I've had a 3D printer since April of 2017. I wasn't early to the party by any stretch of the imagination, but I'm lucky in that I catch onto things quickly. It didn't take me long to understand the mechanics of 3D printing and once the novelty of printing things off the internet got old, it came time to learn how to make my own stuff and man, that's when all hell broke loose because I literally had no idea what I was doing.
I tried the software that came with my 3D printer, and of course it was garbage. Most printers literally come with garbage software that's unusable to begin with. Combine it with being new to the concepts and you have a mess in a brown paper bag waiting to be left on someone's doorstep on fire while you ring the bell and run.
I couldn't wrap my head around any of it, but I knew I had to learn something, so I grabbed Fusion 360. If you've been in 3D printing or modeling for any length of time, you know that there are a few "standard" programs that everyone uses, and Fusion 360 is one of them. In fact, I dare say it's the one most people use for making models for 3D printing, and with good reason. It's incredibly flexible, has tons of features, and in most cases you can use it for free legally. The learning curve, however, is incredibly steep, and it was a turn off to me. I didn't understand the concepts at all, and the more I tried to teach myself the more lost I became. I tried Autodesk's tutorials, but they were simply too long and went into too many features I didn't need and would never need.
That was when I said to myself, I need to go simpler and started learning Tinkercad and the more I used it the more I started to understand why Fusion 360 did what it did. I couldn't do much, but I was starting to understand it, at least. Combined with a lot of videos from some of my favorite Youtube personalities where Fusion tutorials would appear occasionally, I was starting to get it, but I knew I needed more specifics.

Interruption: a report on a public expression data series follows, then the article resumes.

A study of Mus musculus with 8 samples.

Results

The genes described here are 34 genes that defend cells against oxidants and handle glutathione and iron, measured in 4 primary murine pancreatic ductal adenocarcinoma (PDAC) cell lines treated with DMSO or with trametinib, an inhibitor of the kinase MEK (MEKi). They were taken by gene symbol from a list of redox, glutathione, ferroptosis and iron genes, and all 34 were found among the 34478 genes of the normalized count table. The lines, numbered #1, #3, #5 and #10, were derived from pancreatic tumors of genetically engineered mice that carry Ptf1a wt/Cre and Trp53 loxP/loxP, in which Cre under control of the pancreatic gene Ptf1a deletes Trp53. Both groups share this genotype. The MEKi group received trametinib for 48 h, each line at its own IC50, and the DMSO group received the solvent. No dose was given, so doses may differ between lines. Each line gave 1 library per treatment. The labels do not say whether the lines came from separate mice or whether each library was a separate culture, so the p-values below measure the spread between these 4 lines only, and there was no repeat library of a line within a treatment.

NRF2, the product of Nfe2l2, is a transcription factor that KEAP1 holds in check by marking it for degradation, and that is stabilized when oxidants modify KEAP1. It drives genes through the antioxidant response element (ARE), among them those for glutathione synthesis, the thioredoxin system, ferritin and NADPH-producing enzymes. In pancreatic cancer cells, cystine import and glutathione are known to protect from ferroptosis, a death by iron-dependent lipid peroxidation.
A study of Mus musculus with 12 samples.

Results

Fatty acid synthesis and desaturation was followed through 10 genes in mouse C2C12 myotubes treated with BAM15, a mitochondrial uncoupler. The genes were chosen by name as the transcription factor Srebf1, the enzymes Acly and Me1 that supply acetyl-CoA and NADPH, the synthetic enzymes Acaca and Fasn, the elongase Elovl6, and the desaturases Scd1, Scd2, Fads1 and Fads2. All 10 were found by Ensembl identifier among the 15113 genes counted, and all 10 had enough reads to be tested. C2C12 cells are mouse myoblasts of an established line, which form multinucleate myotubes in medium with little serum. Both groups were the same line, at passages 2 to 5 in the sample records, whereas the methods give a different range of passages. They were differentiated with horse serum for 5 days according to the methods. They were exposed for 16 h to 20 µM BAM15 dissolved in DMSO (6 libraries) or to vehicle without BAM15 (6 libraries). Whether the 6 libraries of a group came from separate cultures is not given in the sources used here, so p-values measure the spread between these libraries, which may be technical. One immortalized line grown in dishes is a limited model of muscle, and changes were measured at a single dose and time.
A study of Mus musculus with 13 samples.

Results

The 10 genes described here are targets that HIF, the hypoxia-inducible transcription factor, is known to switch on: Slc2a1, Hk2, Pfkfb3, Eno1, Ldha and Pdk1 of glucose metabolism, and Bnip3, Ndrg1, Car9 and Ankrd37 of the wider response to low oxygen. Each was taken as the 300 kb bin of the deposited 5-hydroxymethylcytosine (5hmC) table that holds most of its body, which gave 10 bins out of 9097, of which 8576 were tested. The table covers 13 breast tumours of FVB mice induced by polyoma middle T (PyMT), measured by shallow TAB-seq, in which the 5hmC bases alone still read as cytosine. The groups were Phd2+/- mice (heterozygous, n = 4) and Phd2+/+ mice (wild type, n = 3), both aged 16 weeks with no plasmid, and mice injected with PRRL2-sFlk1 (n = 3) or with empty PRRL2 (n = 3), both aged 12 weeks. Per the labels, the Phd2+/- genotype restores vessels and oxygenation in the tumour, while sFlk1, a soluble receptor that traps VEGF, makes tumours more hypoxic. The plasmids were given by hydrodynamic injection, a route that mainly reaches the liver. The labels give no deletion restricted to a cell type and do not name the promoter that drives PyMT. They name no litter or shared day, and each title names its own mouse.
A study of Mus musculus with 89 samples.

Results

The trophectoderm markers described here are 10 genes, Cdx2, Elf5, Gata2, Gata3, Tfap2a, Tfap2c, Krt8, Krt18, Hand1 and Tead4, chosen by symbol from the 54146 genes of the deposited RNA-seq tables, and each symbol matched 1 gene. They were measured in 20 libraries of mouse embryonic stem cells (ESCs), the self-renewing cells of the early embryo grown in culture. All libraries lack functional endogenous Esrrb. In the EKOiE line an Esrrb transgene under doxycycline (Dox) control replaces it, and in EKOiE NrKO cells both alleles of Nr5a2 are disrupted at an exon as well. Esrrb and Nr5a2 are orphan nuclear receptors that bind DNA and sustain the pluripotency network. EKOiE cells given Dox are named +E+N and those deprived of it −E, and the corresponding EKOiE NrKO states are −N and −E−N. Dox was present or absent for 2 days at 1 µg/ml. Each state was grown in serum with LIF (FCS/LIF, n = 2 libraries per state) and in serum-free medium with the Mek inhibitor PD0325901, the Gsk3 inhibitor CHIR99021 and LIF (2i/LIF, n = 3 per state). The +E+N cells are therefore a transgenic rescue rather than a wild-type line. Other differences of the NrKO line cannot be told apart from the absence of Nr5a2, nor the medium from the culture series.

I took a class on Skillshare from Vladimir Mariano called Fusion 360 for 3D printing on Skillshare (affiliate link). It's an eleven lesson course in modeling a few small practical items to use around your home. Not only did I start catching on, I really started getting it to a degree where I felt confident and started modeling my own things. Then I went back and re-watched the Youtube videos I tried to learn from before, but something had changed. I understood what they were doing. The concepts were sticking. And that's when everything opened up for me.
Now, when I open Fusion 360, it's rare that I don't know how to do what I opened it to do, and even if I don't a quick Google to set me in the right direction (I don't even need a full tutorial on things any more) gets me what I want. I'm not an expert but the concepts roll in and I just smile thinking how much I learned.
I didn't learn everything from the course I took on Skillshare. I did, however, learn a lot. I learned the concepts and set a great foundation that has since set me into an amazing direction of making and exploring and being able to bring my own ideas and designs to life.
So for this entry, the takeaway is simple: you don't have to learn all the things to move on with something, and learning is a process not a stop. You learn, and what you learn enables you to learn more, and you keep doing that until you've learned enough to be satisfied and then you learn the next thing. I didn't learn Fusion 360 at once. I don't even know if you could, but when I had a good enough foundation to uncork my ability to learn and be productive, that's when everything changed. It will for you too, so start small, start learning, and push yourself. Just be fair to yourself and understand you won't absorb all things immediately and you'll be surprised what you can pick up if you give yourself a proper and fair chance at it.